Deutsche Bank co-chief executives Juergen
Fitschen and Anshu Jain admitted Thursday that mistakes had been made
which damaged the reputation of Germany's biggest bank but vowed to
press on with a major restructuring of the lender.
"Yes, mistakes were made in the past," Fitschen told the group's annual general meeting in Frankfurt.
"They weigh on us materially and - worse still - they weigh on our reputation," he said, stressing that the bank would work to regain the trust of its clients.
Fitschen joined Jain in saying that cultural change was needed both at the bank and in the financial markets.
"A profound cultural change is necessary - also in the financial sector as a whole," Fitschen told the bank's shareholders.
Fitschen and Jain took over the running of bank in June last year after the bank's former chief executive Josef Ackermann stepped down.
But since then, Deutsche Bank has been engulfed by a string of scandals, including claims of sales tax fraud involving a carbon emissions trading scheme as well as a US investigation into questionable mortgage-backed securities deals.
The bank has also been charged as part of a probe into the alleged manipulation of the key European Libor interest rate by employees of several leading financial houses, including Deutsche.
Jain was forced at one point to halt his speech to the meeting after he was interrupted by demonstrators denouncing the bank as "crisis profiteers." Security escorted the group of protestors from the meeting.
Shares fell more than 3 per cent to 35.35 euros on the Frankfurt Stock Exchange as the meeting unfolded.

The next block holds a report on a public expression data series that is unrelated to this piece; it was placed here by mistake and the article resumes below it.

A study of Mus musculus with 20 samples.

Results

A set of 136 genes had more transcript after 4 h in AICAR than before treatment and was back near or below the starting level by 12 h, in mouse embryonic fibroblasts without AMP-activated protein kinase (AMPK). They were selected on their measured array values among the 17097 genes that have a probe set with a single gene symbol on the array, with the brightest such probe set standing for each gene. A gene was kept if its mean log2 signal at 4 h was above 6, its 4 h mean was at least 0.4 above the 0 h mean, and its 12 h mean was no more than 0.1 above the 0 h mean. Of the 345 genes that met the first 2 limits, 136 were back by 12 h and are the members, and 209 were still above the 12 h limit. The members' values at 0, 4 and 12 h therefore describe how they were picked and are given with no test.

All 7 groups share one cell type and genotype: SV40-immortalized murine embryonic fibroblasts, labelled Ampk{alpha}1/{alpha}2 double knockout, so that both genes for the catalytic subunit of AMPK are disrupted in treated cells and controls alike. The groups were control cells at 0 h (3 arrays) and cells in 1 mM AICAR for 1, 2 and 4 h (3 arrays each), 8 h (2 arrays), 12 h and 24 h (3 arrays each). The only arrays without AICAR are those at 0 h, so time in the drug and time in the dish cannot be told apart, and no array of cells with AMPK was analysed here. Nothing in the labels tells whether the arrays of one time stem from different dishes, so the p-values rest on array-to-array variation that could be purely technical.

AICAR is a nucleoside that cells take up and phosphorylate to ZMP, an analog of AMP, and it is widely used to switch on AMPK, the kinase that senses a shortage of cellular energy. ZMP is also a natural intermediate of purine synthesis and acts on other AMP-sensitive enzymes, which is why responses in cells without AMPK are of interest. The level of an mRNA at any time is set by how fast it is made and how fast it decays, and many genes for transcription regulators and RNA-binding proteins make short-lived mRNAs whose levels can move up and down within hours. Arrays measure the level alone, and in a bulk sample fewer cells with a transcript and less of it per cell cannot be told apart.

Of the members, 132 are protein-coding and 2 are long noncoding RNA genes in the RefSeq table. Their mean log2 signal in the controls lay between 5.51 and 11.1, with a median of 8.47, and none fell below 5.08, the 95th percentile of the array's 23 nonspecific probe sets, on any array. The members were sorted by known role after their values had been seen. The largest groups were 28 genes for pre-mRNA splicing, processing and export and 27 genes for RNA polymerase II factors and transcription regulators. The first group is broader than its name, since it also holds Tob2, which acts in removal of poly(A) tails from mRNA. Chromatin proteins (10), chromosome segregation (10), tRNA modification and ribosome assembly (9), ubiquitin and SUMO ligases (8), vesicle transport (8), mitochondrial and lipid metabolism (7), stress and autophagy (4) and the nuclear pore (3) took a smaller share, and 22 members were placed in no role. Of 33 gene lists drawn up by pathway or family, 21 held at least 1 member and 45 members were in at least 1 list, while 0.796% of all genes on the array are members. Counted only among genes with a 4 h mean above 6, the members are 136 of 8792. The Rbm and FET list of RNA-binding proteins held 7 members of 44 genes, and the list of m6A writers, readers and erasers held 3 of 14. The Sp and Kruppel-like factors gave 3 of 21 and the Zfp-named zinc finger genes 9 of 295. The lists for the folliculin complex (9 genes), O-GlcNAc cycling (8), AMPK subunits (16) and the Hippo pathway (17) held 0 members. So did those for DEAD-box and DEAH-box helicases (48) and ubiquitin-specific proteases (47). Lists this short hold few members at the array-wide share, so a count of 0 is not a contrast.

The bank believes there are good prospects for the global economy to stabilise in 2013 after the current round of turbulence.
But despite Deutsche's good start to 2013, Fitschen said it faced a difficult economic and market environment, warning of the risk that the fiscal problems confronting the United States and Europe could be underestimated.
Fitschen said "the highly optimistic mood in the financial markets indicates a risk that some market participants may be underestimating the fiscal policy difficulties in the US and the consequences of the European debt crisis."
In their speeches both Fitschen and Jain conceded that cultural changes took time to emerge.
"A comprehensive cultural change, as we aspire to, cannot simply be imposed from above," Fitschen said.
But he said: "One cannot just flick the switch. Cultural changes need to unfold step by step before they become lodged deep in the bank."
Shareholder action groups described the bank's leadership push for change as long overdue.
"We strongly welcome the move to introduce culture change, although in our view it is quite late," said Klaus Nieding, representing the German association for private investors (DSW).
Deutsche also once again rejected any moves to split up large bank operations as part of efforts to reform the financial sector.
Jain said Deutsche remained committed to the universal banking model offering financial services from global capital markets through to private customers in Germany.
"Our aim is clear," Jain said. "We want to be the leading universal bank with the customer standing at the centre."